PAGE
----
Keeping a healthy food chain for your flock


Biosecurity in feed mills is an important part of the feed processing and manufacturing industry as the end results determine the overall health of the flock hence the gains made by the farmer. It is therefore essential to reassess and assess possible biosecurity risks.

The goal of the assessment is to prevent pathogen contamination in feed, ingredients, and transportation.

Once achieved, the second goal is to prevent the entry of a pathogen and finally to implement routine procedures on guidelines. The major practices in securing biodiversity are

  • Maintaining a dry area to cut off pathogen spread via water
  • Eliminating the spread of pathogens by sanitisation and use of appropriate products

Maintaining a dry area

The presence of dirty water or that left in the storerooms can be hazardous as they host vectors of diseases amongst them. Vectors are living organisms that can transmit infectious pathogens between humans, or from animals to humans.

Many of these vectors are bloodsucking insects, which ingest disease-producing microorganisms during a blood meal from an infected host (human or animal) and later transmit it into a new host after the pathogen has replicated. Often, once a vector becomes infectious, they are capable of transmitting the pathogen for the rest of their life during each subsequent bite/blood meal.

Standing water should be avoided at all costs, as it becomes a bacterial pool and a major vector of both viruses and Salmonella. Salmonella thrives on organic material such as dust because it provides food and an effective means for potential cross-contamination if contaminated dust enters biosecure areas

Areas, where water can collect, are the vehicle disinfecting station and the receiving pit, which must be dry and clean Any spillage should be cleared up immediately and before any further vehicle movement in the receiving pit area.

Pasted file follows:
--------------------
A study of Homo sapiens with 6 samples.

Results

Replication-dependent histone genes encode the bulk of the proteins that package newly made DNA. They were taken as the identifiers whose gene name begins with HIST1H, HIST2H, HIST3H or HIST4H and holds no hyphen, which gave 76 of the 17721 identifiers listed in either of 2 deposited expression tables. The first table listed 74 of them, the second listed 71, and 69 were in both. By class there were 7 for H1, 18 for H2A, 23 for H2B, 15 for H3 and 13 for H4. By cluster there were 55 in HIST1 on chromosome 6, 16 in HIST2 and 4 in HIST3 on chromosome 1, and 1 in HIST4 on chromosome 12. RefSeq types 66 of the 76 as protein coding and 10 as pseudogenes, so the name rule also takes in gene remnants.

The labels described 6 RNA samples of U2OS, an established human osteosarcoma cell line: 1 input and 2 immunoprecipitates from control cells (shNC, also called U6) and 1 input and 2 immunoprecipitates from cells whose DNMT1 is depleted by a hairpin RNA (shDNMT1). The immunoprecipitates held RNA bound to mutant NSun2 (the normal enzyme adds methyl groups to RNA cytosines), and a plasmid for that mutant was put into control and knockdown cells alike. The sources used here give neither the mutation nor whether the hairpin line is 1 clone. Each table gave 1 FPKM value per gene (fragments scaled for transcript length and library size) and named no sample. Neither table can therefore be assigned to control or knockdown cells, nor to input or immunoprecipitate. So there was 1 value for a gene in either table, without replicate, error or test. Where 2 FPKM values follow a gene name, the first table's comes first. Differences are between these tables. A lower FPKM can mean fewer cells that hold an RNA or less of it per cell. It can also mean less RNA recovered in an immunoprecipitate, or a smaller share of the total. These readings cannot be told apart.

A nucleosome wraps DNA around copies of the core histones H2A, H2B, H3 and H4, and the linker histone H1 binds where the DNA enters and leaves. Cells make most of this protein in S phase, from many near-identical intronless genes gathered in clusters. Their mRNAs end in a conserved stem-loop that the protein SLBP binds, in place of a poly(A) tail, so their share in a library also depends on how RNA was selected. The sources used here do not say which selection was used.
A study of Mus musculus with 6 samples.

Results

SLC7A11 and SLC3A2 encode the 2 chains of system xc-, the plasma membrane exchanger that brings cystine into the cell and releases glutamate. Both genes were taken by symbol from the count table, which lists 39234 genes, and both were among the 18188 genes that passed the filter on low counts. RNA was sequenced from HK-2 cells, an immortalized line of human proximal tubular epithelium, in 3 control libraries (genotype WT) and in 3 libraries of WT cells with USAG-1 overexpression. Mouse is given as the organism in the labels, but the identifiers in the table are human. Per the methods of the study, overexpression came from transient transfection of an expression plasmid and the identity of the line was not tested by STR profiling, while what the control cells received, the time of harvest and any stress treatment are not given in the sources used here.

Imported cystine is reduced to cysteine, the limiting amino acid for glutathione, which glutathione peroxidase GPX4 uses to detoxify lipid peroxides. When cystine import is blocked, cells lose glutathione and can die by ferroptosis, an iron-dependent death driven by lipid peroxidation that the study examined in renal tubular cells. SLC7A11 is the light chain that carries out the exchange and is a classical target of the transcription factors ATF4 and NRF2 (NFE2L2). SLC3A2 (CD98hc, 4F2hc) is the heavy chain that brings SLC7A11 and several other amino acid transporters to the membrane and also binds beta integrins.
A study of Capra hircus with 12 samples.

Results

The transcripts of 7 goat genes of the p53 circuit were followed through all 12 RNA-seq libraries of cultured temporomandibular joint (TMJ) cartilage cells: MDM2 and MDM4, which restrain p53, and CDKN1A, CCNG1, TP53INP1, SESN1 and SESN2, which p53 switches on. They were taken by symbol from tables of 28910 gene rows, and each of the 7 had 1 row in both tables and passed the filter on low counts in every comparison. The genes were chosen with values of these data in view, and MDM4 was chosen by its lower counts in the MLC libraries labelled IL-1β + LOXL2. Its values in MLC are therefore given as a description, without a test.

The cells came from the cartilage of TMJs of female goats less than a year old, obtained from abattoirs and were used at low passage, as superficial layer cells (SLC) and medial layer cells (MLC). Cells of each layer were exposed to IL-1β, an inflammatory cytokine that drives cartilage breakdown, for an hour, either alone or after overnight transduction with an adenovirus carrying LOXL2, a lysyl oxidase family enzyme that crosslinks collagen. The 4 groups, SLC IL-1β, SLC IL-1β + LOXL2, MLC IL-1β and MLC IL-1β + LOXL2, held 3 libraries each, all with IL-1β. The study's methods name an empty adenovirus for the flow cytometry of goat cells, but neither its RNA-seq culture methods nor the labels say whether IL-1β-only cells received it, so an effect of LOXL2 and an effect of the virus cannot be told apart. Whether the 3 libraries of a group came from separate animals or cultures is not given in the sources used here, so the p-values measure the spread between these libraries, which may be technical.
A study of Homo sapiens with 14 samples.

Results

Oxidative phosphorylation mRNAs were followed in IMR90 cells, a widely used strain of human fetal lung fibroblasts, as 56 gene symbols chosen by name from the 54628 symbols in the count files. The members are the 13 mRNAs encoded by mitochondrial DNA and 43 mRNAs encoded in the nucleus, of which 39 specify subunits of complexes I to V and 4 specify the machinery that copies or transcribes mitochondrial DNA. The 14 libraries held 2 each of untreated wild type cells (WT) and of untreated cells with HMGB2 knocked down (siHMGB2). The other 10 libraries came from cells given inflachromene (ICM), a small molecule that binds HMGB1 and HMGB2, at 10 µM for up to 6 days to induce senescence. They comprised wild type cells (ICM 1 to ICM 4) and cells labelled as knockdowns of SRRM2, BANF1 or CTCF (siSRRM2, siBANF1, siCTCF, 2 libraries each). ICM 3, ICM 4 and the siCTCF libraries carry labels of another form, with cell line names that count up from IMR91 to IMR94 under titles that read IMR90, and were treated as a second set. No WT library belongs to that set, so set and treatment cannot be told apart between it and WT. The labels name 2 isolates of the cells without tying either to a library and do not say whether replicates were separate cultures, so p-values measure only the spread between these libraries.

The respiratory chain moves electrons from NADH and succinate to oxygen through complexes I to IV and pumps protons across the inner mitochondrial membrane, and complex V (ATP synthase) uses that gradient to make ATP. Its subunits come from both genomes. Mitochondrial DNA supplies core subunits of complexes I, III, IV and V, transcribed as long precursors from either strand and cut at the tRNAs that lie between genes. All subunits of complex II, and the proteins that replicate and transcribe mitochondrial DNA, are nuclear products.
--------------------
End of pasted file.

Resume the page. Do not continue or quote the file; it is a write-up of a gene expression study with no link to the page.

Dust, rodents, wild birds, vehicles, and foot traffic are also potential spreaders of bacteria and viruses.

 

Rodents, incests and birds are all hosts for bacteria and viruses pathogens are ingested, these vectors reside at the milling stations where they spread.

The day-to-day movement of people and vehicles can also spread pathogens throughout the feed mill. It is especially important to separate vehicles carrying raw materials from all other facility traffic.

Eliminating the spread of pathogens

All surfaces of the feed mill, including walls, bins, and floors, should be regularly cleaned. A properly managed feed mill sanitisation programme includes these important steps:

  • Clear out all unnecessary equipment, packaging and waste from floors and walls.
  • Remove debris and dust, eliminating spider webs and removing dust from mill walls, ledges and equipment such as electric motors. this step must be done by hand, using brushes, scrapers, shovels, brooms, and a vacuum to remove the dust particles.
  • Remember not to use water, which allows for bacterial growth, or compressed air for this step as this disseminates dust and potential pathogens through the mill environment.
  • Ensure that floors, walls, equipment, and machinery are clean and dry.
  • Disinfect with a method that contacts all surfaces such as fumigation (requiring specialised training and compliance with local legislation), thermal fog, and ozone generators. Aerosols and alcohol can also be used. Keep in mind that all disinfectants require a defined contact time to be effective. Familiarise yourself with the requirements of the disinfectant, including contact time, humidity, and effective temperature ranges.

By continually improving your biosecurity program will further reduce pathogen risk, maximizing the quality of feed delivered.